Device for the avoidance of volcanic ash clouds has trial

2 min read

A device that could help pilots avoid volcanic ash clouds has been successfully trialled on a small aircraft flying over Mount Etna.

The technology, referred to as AVOID (Airborne Volcanic Object Imaging Detector), could eliminate the risk of another Eyjafjallajökull crisis, which saw 95,000 flights grounded and cost BAA in excess of £28m. The flights were grounded as a precautionary measure over fears that volcanic ash would be sucked into jet engines and melt, causing them significant damage and even failure. 

The AVOID technology involves placing two infrared cameras onto an aircraft to supply images to pilots and an airline’s flight-control centre.

The device clocked up a total of 30 hours’ flight time when it was trialled in mid-November under the wing of a micro-light aircraft flying over Europe’s most active volcano, Mount Etna in Sicily, at altitudes of 12,000ft.

However, the technology is likely to have its greatest impact on commercial airlines, all of which were grounded for six days, causing flights to be cancelled due to concerns about the effects of ash on the blades of jet engines.

Dr Fred Prata, inventor of the device and a senior member of the Norwegian Institute for Air Research, told The Engineer he believes the AVOID system is fully capable of working at altitudes of up to 50,000ft.

After announcing in June 2010 that the device would be tested by Airbus within two months, the team has not yet been able to try its device on a jet aircraft due to a series of setbacks. However, it is optimistic that it will be able to test its technology such an aircraft in the near future.

‘We’re talking seriously with Airbus and we expect to do some trials on its A340 test aircraft early next year, which does not involve a lengthy certification process,’ said Prata.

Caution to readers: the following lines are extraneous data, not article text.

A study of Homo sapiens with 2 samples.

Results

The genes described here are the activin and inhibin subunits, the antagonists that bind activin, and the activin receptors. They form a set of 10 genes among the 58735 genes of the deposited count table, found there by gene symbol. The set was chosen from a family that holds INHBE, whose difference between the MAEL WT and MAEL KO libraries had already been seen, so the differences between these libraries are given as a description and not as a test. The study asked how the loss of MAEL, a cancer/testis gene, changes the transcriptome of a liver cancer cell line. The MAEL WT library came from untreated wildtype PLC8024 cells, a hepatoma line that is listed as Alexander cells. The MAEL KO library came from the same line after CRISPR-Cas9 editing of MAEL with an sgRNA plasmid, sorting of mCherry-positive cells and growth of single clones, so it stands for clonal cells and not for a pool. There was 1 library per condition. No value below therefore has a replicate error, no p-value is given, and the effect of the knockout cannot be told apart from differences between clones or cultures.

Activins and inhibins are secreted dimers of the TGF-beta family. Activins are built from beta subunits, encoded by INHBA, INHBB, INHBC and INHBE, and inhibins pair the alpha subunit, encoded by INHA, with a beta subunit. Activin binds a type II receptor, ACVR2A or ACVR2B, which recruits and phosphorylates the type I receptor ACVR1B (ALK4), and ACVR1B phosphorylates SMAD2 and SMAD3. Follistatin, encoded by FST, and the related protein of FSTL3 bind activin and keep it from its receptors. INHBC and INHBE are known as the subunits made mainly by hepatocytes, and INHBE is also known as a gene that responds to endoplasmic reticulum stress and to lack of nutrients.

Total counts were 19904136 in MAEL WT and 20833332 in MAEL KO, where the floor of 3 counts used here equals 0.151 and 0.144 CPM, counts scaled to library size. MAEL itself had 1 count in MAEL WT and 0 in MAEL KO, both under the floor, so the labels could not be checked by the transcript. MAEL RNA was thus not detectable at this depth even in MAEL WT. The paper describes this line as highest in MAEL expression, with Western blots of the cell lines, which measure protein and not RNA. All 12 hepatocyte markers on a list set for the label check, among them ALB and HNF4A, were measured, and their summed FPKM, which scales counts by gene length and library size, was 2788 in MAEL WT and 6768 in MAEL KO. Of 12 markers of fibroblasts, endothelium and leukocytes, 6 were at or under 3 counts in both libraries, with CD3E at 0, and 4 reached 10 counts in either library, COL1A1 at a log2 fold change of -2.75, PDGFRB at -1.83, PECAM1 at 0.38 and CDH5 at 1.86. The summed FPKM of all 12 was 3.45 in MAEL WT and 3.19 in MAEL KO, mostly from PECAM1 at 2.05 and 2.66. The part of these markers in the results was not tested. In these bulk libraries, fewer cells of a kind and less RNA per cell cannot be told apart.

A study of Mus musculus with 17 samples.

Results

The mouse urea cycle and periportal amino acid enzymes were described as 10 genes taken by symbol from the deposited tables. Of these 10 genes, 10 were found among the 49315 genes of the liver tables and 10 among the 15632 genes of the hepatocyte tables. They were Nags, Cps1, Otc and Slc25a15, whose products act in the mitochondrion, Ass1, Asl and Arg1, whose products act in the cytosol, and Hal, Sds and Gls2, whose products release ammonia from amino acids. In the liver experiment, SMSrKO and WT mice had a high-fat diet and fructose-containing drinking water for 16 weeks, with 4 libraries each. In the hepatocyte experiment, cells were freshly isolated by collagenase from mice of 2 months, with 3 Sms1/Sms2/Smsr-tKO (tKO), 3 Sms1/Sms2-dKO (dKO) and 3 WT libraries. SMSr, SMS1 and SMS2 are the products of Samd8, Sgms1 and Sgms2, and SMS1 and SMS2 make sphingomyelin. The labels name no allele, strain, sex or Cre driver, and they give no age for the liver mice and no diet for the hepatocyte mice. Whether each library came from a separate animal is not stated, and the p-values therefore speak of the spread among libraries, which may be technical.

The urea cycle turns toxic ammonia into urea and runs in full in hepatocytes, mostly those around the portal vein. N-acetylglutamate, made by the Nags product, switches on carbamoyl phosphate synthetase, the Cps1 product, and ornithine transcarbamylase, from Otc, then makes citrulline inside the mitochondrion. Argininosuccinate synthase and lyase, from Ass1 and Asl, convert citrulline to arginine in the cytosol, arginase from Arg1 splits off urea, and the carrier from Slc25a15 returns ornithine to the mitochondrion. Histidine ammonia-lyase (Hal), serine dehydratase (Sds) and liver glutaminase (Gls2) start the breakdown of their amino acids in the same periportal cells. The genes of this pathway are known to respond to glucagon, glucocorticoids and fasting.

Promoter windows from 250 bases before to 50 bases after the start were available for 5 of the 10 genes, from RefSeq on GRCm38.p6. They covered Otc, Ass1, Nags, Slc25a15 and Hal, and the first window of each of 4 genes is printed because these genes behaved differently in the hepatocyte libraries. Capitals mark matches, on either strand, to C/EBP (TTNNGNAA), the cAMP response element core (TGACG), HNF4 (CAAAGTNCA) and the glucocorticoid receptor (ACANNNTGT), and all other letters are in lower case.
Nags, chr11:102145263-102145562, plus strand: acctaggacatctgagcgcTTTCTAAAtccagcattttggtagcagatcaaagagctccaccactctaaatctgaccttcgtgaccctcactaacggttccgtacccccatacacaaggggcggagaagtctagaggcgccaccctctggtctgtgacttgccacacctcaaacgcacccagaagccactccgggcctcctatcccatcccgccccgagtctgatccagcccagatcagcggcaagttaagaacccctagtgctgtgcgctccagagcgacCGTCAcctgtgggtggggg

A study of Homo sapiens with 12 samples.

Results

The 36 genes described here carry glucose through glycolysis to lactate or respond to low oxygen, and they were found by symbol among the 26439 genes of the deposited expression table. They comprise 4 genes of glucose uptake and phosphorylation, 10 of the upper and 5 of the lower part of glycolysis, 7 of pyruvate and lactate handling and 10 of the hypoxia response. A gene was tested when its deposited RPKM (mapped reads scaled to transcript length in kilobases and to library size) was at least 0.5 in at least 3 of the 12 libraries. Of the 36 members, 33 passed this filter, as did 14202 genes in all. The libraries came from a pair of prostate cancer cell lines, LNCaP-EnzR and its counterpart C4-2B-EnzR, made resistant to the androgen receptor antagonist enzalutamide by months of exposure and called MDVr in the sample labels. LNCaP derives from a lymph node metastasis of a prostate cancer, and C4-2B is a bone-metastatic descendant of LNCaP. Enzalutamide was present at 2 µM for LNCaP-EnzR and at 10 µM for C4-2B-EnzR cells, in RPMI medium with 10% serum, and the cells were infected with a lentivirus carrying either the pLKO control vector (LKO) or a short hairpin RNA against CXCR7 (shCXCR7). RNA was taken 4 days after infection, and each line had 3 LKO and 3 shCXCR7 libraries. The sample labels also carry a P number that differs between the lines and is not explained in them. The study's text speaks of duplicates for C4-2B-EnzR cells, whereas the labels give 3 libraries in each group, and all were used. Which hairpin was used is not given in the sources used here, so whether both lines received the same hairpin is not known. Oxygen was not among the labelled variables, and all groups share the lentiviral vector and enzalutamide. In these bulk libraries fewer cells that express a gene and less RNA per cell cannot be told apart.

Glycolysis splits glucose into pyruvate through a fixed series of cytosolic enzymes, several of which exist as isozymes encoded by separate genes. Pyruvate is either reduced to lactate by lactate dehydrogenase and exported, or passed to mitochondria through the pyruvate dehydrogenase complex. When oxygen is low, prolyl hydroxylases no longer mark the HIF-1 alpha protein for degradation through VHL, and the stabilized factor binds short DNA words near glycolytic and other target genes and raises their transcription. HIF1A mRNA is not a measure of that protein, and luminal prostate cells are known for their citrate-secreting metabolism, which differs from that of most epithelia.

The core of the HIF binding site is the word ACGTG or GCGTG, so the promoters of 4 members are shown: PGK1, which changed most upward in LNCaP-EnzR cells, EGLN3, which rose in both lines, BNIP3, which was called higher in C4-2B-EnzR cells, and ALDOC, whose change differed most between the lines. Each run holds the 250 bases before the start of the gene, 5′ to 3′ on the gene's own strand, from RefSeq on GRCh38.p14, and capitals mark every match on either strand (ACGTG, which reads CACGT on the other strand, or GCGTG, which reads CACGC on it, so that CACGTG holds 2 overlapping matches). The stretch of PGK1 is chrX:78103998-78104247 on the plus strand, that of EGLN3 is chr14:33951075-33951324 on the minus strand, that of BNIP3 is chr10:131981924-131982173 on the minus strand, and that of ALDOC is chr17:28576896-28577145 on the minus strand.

‘Alternatively, EasyJet may lease one of its A319s for this project, and we consider this to be a very serious proposition. It wants to incorporate the system on its inaugural flight to Iceland, later next year,’ he explained.

The team is also planning to take the micro light aircraft to Papua New Guinea to obtain more measurements from different types of ash.

Prata added that the device will also need to satisfy regulatory requirements.

‘If you have all the information being channelled through the main avionics communications line, then there are big certification issues because you can’t have things interfering with the delicate electronics of the aircraft. It’s just like when they tell you to turn your mobile phone off,’ said Prata.

However, Prata and Easy Jet believe the way round this is to have a wireless transmitter from the pod to the cockpit.

‘Believe it or not, they’re going to link it with an iPad,’ explained Prata. ‘That sounds a bit fanciful but Airbus is actually already building docks for iPads in the cockpit,’ he said.

In terms of cost, Prata estimated the technology would be sold for between €100,000 (£85,000) and €200,000.

He said: ‘We worked out that if you look at the component costs of avionics, it’s in the same order of price as the video systems used by passengers.’

If a wireless transmitter is developed then Prata believes the implementation period could be as little as three months. However, if it has to be wired through the main system, it could be more like three years.